Europe at the Center of Attention
By WSS Research Team
By Carlos Guillen
Investors continue looking at everything Europe, seeking to find some indications of what will happen to Greece and to the other debt stricken euro members. Unfortunately, there is no definitive answer yet. The G7 emergency meeting appears to have produced nothing significant as members made very short and vague comments of the outcome. And economic data around the world seems to continue indicating slowing growth.
The alarms and whistles that sounded prior to the highly tuned G7 emergency meeting appear to have been much ado about nothing. After the meeting was said and done, none of the members made any significant comments about the outcome of the meeting. Japan's Finance Minister Azumi told G7 members that Japan is confident in Europe's response to its problems. He also said that G7 members did not discuss Greece leaving the euro, but said they did agree to cooperate to solve the Greek and Spanish problems. And, in a public statement, the U.S. Treasury said that the G7 ministers and governors reviewed developments in the global economy and financial markets and the policy responses under consideration. So, in essence they said nothing. However, the meetings are not over yet; investors will now be waiting for the results of the European Central Bank meeting, which will take place tomorrow. Also, U.S. Federal Reserve Chairman Ben Bernanke is scheduled to testify before the Joint Economic Committee Thursday morning.
At the moment, the speculation that Greece will leave the euro zone continues. Most recently Standard & Poor's (S&P) has made a prediction that Greece has a one-in-three probability of exiting the group of 17. On the other hand, S&P made a more positive prediction, saying that it saw a very remote likelihood of other members exiting after Greece.
On the Spanish front, there are growing concerns about whether Spain can restore health to its banks as Budget Minister Cristobal Montoro said high borrowing costs meant Spain was effectively shut out of the bond market. According to the Spanish Budget Minister, the current debt premium is conveying that Spain will have a problem getting access to markets when the need comes to refinance the nation's debt.
Perhaps a bit encouraging today was that the pace of growth in the U.S. services sector picked up in May as the Institute for Supply Management's services index edged up to 53.7 from the 53.5 reached in April, landing above the Street's estimate of 53.5. The new orders component also increased nicely to 55.5 from 53.5, indicating improving customer demand and strong sales for the rest of 2012. While equity markets originally reacted quite positively to the result, given that the services sector is the largest sector of the economy, the enthusiasm faded away as investors turned around to look at Europe once again.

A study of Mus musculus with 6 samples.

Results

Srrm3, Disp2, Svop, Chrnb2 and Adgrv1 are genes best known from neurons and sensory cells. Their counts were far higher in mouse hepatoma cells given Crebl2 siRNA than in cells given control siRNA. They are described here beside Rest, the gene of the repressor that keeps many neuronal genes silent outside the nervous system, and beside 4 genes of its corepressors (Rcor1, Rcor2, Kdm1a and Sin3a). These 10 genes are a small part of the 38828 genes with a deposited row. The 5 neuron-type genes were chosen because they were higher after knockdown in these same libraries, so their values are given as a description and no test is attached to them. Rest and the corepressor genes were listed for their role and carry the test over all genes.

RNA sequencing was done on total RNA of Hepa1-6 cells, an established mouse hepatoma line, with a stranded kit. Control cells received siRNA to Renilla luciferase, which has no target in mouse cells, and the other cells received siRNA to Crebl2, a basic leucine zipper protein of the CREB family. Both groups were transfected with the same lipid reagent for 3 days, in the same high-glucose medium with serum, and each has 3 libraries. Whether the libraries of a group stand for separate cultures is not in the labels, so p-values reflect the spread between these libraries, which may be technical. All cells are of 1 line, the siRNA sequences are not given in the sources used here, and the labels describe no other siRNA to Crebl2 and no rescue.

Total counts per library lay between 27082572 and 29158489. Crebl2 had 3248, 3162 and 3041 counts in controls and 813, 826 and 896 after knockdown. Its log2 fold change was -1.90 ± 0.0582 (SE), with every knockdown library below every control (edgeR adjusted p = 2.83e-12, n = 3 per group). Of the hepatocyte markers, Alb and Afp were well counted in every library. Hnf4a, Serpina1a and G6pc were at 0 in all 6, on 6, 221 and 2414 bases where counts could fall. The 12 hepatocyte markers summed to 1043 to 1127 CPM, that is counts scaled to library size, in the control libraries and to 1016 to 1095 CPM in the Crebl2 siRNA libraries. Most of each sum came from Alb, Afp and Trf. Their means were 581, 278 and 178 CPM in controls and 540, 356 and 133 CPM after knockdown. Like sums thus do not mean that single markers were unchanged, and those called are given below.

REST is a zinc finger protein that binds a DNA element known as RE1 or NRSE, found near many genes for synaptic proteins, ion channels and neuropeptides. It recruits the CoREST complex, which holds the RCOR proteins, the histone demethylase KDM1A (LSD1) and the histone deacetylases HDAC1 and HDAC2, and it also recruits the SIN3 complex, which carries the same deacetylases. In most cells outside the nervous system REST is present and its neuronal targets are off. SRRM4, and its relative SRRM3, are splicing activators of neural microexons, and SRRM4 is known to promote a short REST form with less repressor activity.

All in all, the volatility resulting from the euro zone saga continues, and this has the Dow Jones Industrial Average moving in a sinusoidal fashion to flat from yesterday's closing price. Continue to expect more of the same for the rest of the week.
Services Lack Spark
By David Urani
The market made a move into positive territory on the release of the ISM services index which was somewhat encouraging as it showed a slight increase to 53.7 from 53.5 versus expectations that it stay flat. Despite the flat consensus estimate, I think the market was braced for a dip given all the bad indicators lately in the global economy. The highlights of the report were slight increases in activity and new orders but I think there are a couple of key reasons why the market changed its tune shortly after the release:
* Employment component slipped to 50.8 from 54.2 (just barely above the 50.0 growth/contraction threshold).
* Remember that bad ISM manufacturing report last week? It was a 53.5, only just slightly worse than the 53.7 reading for services.
By the way, Markit sent out various world services and composite (manufacturing and service together) indexes today. All together, it culminated with the Global Composite PMI which for May registered a 52.1, down from 52.3. I suppose it could have been worse, but it only illustrates that the world is shuffling slowly closer to the cliff edge. If not for the relative outperformance of the USA (which accounts for 28.1% of global activity in the index) this would have been even worse.
Now that we know the awaited G7 phone call was a dud today, the ball looks to be in Ben Bernanke's court when he speaks on Thursday. This man has the power to shake up the world markets with cheap dollar policy which is frankly a bit scary but also a reality in the current situation. The market is going to be listening very closely to what he says, as well as to the various other Fed officials who speak later today and tomorrow.